Mary Magdalene is one of the first characters to come onto the scene in the hit Bible series “The Chosen.” Her character’s grit and vulnerability has not only impacted viewers, but the actor who portrays the disciple as well.
Elizabeth Tabish, 36, recently told CBN’s Faithwire her role in the series, a biblical and historical drama created by Christian filmmaker Dallas Jenkins, has profoundly impacted her own understanding of Jesus.
“That influences you,” the actor continued. “When you’re living with it for so long, you start almost thinking that [way], which I think is a gift when you’re working on shows like [‘The Chosen’], because I’m constantly thinking about Mary Magdalene’s love for Jesus and that shifts into my love for Jesus.”
Tabish also recently began shooting scenes for “The Shift,” a sci-fi, feature-length film loosely based on the Old Testament book of Job. While many of the plot details have yet to be revealed, the Angel Studios movie follows a man named Kevin Granger as he journeys “through the multiverse back to what matters most to him,” according to writer and director Brock Heasley.
The film, slated for release in late 2023, also features Sean Astin (“Lord of the Rings,” “Stranger Things”), Kristoffer Polaha (“Wonder Woman 1984”), Neal McDonough (“Band of Brothers”), as well as Tabish’s “Chosen” co-stars Paras Patel and Jorden Walker Ross.
Thinking about her work for “The Shift,” in which she plays Molly, the wife of Kevin Granger, Tabish said she feels “lucky that I get to live in those mental spaces with roles that are really life-affirming and hopeful.”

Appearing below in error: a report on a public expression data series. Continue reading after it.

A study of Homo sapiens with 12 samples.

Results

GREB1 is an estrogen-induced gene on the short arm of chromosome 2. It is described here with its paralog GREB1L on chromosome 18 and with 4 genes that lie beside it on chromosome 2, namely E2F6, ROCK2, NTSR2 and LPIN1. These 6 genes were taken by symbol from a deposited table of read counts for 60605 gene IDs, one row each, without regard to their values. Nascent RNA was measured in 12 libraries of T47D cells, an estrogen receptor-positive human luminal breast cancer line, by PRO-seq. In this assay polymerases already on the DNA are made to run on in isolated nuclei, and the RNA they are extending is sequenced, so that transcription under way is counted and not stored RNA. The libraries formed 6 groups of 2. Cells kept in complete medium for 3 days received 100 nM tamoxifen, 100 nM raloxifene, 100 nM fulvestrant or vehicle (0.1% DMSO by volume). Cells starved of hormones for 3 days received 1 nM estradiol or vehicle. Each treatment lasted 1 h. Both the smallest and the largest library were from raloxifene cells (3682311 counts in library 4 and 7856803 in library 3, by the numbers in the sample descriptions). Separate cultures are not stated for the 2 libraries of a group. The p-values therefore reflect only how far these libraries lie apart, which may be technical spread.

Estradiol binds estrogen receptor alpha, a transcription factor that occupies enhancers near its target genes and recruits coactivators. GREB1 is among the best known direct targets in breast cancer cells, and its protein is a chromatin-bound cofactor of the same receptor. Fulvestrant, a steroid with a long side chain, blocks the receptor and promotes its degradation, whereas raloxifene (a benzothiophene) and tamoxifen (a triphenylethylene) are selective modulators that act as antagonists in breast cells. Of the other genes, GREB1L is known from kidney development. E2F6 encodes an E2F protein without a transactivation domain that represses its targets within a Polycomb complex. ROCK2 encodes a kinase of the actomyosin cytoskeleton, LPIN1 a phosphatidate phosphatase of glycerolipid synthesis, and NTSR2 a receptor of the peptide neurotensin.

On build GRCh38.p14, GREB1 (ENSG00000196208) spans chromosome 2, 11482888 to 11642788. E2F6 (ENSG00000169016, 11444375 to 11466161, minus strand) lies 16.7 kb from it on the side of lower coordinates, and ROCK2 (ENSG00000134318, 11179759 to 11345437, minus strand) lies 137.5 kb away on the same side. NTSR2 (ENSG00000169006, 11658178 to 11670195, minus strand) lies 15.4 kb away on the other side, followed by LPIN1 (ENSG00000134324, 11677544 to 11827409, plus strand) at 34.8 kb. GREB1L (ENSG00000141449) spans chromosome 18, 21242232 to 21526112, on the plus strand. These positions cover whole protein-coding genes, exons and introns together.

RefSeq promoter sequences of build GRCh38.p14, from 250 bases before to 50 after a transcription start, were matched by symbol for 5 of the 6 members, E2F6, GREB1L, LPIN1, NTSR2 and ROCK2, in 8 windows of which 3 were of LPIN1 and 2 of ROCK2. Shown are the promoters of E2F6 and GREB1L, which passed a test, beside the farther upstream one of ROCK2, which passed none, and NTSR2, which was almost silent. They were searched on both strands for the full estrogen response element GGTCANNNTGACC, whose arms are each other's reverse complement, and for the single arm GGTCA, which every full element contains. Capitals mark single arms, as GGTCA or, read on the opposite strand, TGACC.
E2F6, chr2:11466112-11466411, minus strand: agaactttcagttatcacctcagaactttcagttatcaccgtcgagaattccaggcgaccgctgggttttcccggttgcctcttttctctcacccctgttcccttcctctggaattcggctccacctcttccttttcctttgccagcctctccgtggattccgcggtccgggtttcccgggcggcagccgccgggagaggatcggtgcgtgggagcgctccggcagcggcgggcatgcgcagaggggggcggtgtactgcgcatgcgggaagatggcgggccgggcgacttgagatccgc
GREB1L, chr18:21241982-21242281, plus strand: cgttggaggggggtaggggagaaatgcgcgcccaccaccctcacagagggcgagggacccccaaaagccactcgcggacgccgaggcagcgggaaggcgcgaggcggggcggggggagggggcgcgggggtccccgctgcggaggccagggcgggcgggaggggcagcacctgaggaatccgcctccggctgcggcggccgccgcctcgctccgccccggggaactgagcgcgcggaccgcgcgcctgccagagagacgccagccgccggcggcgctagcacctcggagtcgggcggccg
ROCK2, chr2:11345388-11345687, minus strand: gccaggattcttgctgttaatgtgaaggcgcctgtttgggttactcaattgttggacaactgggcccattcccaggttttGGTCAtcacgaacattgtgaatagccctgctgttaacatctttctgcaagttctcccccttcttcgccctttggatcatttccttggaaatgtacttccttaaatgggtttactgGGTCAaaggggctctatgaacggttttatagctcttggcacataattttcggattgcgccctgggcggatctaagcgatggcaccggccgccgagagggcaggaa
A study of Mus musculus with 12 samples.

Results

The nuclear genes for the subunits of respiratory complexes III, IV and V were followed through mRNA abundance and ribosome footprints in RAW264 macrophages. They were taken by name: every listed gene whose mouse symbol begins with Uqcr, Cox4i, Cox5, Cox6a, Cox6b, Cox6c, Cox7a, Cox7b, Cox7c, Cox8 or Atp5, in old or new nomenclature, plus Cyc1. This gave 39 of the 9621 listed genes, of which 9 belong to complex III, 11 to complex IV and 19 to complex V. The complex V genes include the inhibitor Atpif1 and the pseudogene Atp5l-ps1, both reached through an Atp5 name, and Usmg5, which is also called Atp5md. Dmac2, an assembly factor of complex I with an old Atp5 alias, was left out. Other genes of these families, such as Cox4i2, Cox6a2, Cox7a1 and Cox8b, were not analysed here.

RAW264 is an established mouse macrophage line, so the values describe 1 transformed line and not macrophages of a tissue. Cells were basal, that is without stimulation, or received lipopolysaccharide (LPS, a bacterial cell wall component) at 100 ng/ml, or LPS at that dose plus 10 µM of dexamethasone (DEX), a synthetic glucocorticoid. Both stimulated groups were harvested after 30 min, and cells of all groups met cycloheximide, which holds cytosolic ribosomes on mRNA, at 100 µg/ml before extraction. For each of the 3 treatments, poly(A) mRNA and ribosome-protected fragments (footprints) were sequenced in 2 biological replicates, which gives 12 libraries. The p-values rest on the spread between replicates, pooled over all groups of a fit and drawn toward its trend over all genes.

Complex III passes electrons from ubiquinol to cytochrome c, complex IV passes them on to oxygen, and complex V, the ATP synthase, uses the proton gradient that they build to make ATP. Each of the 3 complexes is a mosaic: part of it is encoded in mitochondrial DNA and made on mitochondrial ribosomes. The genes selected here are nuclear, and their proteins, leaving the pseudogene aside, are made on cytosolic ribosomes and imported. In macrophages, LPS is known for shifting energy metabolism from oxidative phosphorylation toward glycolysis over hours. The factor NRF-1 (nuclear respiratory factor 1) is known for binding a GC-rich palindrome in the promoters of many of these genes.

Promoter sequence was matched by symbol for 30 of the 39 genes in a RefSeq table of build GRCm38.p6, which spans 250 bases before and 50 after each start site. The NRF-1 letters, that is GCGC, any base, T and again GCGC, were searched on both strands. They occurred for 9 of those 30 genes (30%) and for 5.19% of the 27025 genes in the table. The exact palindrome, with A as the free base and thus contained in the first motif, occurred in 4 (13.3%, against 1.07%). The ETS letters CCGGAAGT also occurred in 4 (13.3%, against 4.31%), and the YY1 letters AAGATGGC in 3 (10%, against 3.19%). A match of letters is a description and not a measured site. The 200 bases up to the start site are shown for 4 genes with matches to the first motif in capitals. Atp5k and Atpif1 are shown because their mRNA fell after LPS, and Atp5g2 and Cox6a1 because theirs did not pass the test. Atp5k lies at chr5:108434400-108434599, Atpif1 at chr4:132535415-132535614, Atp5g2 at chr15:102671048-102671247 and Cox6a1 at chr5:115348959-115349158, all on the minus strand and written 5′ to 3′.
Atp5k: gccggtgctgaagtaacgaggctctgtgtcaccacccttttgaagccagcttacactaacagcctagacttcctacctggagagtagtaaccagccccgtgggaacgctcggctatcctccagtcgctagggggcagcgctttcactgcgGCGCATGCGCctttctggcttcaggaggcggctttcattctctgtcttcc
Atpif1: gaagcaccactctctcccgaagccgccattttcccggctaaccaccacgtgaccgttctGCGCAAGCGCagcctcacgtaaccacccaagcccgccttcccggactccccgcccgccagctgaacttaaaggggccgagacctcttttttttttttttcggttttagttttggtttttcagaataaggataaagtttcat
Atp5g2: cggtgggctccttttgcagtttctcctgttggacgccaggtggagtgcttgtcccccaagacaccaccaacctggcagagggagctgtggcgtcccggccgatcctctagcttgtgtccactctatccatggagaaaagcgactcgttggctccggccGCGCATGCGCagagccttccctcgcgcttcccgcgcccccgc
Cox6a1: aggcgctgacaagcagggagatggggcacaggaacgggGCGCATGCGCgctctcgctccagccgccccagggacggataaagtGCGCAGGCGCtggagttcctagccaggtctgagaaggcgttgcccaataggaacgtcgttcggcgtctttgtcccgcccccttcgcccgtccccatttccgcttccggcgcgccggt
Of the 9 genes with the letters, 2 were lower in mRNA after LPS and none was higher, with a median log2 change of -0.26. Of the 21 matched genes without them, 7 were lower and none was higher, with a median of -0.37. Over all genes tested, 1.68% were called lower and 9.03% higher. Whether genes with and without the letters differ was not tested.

Tabish, who told CBN’s Faithwire last year that, though once skeptical, she is aware now more than ever that “God’s love is real,” was drawn to the honesty and authenticity of “The Shift.” So many faith-based films, she said, give the impression that life is much easier after salvation — but that is not always the case. In fact, in John 16:33, Jesus promises believers will face trials and persecution in this life.
“The reality is it gets harder, because you’re still living in this world and you’re clinging to values and believing in values that are unseeable,” she said. “It’s this intangible thing that you know in your heart and to act those things out is difficult when, yes, the entire world is like, ‘Do the easy thing, do the cheap thing, do the thing that gives you a shortcut to what is perceived as maybe the good life,’ but it’s devoid of joy sometimes, because it’s also devoid of the struggle.”
“I think the struggle is what makes us who we are,” Tabish added. “I think it’s the struggle that creates stronger faith, which is exactly the theme in season three of ‘The Chosen,’ the last two episodes. It is that — Jesus creating the storm to strengthen your faith, and that’s an interesting concept and I think it’s a challenging one, too, and a little truer to real life experience.”
She sees “The Shift” — and her work on “The Chosen” — as evidence Christian entertainment is moving toward “terrain that is a little more honest, which means that it’s a little edgier and deals with more raw emotions and struggles and trials and I think that’s the thing people are connecting to” because the stories of Scripture, she added, “challenge anyone’s notion of reality, let alone morality.”
“These stories are meant to disrupt and really challenge,” Tabish said.